Today's post is from David Chura, author of I Don't Wish Nobody to Have a Life Like Mine: Tales of Kids in Adult Lockup. Chura has worked with at-risk teenagers for forty years. His writing has appeared in the New York Times and multiple literary journals and anthologies, and he is a frequent lecturer and advisor on incarcerated youth.
The numbers are disturbing. During 2008 through 2009, 12 percent or 3,220 of the kids locked up in state or privately run juvenile detention centers reported that they had been sexually victimized by another kid or by facility staff.
Even more disturbing is that 10.3 percent stated they had had sexual contact with an adult staff member. Of that number, 1,150 kids said that sex or sexual contact was forced on them. All this according to the recently released National Survey of Youth in Custody (NSYC) report mandated by the Department of Justice as part of the Prison Rape Elimination Act.
Statistics have an odd way of getting to us.
On one hand, they're just numbers; cut and dry; lifeless; boring to read; easy to lose track of. Yet they’re potent, almost like talismans that draw our attention to the truth beneath them.
I got to thinking.
The high school I went to had about that many kids, 3,000 plus. That was a lot of kids, especially when we packed the gymnasium for a basketball game or got herded into the auditorium for what our teachers felt would be yet another enriching speaker.
3,220 kids are boundless, shot through with life and energy, loud, and, most of the time, interesting and funny (that is if you don’t let them get on your nerves.)
But this report is talking about a different kind of kid.
3,220 locked up, locked away, locked down young people adjudicated to places they don't want to be, in places that don't really want them because nobody else wants them. Kids forced one way or another (perhaps just by the fact that they were young, disenfranchised, and in juvenile detention) to have sex or sexual contact mostly with adults.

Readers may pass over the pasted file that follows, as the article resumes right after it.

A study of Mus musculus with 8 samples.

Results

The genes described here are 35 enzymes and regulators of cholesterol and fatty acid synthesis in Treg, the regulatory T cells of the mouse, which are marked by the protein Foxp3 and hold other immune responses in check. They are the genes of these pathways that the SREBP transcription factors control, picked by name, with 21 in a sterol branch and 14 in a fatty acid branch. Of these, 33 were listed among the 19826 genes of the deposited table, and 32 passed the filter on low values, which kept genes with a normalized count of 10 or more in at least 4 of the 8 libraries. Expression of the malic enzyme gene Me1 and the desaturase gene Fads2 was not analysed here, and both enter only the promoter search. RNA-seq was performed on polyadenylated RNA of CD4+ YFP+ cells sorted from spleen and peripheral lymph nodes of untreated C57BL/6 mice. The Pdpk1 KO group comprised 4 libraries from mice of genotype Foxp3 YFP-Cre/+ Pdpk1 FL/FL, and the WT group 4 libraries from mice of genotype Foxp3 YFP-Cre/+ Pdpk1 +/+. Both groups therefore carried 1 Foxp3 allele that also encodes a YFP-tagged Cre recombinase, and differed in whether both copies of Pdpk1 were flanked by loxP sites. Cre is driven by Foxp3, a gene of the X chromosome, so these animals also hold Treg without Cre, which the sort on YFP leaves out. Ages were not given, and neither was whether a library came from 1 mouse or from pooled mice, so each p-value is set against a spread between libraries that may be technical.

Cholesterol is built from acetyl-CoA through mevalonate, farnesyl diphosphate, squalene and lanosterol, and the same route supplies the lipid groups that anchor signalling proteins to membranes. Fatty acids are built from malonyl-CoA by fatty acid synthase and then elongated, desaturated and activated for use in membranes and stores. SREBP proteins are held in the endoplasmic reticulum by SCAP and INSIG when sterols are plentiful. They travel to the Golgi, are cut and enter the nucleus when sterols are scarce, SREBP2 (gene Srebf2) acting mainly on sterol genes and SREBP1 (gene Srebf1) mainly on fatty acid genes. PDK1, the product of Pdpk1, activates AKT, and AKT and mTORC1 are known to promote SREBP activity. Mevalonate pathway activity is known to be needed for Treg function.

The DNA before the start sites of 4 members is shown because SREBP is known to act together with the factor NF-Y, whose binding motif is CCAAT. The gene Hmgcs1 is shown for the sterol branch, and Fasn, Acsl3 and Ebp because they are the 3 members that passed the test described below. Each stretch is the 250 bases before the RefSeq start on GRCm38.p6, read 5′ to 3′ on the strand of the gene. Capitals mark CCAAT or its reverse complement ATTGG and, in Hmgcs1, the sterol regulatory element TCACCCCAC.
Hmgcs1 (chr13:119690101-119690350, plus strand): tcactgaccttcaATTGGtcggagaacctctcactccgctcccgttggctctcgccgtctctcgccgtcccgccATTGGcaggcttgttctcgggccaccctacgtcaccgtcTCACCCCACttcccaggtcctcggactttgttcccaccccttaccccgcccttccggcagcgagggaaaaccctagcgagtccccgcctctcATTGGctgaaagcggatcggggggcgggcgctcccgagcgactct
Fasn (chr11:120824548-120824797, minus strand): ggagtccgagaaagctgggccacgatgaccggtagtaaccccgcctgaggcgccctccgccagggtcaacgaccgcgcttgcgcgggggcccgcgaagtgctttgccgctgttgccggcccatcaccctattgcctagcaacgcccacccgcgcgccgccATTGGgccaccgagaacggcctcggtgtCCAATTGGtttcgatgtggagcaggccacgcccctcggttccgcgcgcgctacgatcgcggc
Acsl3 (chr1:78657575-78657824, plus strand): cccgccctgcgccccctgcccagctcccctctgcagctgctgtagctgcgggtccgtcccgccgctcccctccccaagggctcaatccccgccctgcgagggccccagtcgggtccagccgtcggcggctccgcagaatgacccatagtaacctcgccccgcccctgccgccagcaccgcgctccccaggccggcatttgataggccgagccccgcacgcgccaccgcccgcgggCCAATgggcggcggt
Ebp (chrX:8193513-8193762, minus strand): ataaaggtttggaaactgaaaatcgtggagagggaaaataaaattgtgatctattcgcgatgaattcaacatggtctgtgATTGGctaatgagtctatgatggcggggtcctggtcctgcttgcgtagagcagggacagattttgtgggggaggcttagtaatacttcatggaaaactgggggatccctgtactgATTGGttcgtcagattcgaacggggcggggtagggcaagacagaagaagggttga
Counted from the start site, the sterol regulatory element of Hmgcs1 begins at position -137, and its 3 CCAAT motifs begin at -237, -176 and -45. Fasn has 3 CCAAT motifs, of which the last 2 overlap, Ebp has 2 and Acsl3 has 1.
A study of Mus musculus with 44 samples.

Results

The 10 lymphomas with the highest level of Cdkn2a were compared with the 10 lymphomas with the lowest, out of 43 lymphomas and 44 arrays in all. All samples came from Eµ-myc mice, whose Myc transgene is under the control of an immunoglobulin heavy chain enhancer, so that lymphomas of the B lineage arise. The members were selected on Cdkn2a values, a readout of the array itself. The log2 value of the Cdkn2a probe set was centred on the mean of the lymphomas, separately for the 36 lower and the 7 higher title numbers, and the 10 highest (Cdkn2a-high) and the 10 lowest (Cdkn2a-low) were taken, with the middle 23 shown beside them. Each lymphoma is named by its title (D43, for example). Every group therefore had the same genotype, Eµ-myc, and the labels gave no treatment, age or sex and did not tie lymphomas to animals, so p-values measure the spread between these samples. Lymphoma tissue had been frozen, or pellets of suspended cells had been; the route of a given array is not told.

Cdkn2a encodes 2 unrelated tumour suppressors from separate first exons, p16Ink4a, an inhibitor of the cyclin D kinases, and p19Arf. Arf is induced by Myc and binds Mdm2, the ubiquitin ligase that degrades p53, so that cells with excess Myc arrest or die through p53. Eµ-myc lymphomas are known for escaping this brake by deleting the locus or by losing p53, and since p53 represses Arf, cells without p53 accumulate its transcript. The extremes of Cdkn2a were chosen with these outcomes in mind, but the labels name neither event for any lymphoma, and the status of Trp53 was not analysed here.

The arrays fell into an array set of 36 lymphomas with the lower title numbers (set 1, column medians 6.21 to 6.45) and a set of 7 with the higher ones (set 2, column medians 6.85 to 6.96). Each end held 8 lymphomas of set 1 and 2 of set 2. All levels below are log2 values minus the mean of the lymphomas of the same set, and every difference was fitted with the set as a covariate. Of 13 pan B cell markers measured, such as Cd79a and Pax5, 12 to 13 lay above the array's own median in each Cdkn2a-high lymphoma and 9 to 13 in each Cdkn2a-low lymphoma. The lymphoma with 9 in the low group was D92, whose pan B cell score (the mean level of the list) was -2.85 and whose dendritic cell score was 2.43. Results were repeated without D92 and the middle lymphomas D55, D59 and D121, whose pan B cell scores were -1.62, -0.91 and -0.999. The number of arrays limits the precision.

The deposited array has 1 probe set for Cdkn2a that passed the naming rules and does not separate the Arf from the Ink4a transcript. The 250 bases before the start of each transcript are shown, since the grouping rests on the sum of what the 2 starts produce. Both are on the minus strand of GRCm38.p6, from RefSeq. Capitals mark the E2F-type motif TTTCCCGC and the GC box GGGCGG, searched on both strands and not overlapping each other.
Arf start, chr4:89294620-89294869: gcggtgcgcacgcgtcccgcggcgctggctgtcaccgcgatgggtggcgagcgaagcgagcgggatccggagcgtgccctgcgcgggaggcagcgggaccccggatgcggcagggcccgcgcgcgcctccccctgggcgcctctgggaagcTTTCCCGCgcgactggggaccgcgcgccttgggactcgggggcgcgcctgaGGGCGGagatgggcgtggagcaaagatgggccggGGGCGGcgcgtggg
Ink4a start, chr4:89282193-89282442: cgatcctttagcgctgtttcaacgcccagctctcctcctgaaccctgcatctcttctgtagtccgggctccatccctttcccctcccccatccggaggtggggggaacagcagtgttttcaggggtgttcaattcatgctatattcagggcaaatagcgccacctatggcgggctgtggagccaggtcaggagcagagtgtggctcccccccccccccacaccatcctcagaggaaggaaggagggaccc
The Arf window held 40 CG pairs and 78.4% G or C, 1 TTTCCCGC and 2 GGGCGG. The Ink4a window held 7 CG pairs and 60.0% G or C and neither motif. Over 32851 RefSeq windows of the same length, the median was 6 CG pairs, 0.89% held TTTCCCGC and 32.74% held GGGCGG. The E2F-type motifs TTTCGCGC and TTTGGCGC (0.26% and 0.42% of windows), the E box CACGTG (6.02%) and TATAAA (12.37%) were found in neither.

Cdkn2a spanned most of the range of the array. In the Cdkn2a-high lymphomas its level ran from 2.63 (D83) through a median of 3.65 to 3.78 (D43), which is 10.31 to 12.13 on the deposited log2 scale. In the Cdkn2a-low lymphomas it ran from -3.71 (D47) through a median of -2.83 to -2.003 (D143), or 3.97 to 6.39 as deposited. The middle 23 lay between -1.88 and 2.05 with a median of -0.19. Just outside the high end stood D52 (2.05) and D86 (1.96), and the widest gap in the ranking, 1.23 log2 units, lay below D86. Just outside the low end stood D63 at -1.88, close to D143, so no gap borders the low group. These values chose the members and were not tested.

Adults. The ones hired to take care of them. The ones trusted with their safety and security.
But I'm pretty sure those abused kids weren't as shocked by their caretakers' misconduct as the rest of us are. They’ve been letdown by adults all their lives. They’re use to being disappointed. So what else is new?
There's been a quick and horrified response to the findings of this survey. The remarks I've heard and the comments I've read have been venomous to the extreme. The staffs of these detention centers have been described as animals, sadists, monsters, predators. "Think about it. Who else would take a job like that?" "What do you expect from a bunch of bullies and psychopaths?"
I've been there, and said the same things. When I first started teaching kids at a county penitentiary, I had the correctional staff pegged the same way. I had my own litany of synonyms for "lowlife."
But it didn't take me long to see that those correctional officers were just as much victims of a violent, degrading, inhumane system as the young kids I tried to educate and protect in what small ways I could.
COs had the power. They never forgot it. The kids I taught never forgot. And I never forgot it. But that power was really all they did have: power over the powerless in an institution that had the ultimate power to keep the keepers and the kept down.
In reality, every one of us is responsible for every one of those 3,220 kids. We Americans want our jails, our juvenile detention centers, to keep us safe. The system serves at our behest. But, as this report shows (and there have been far too many reports lately tabulating the abuses of our locked up children) the system serves none of us.
Imagine an auditorium full of those 3,220 victimized kids. What could we possibly say to them?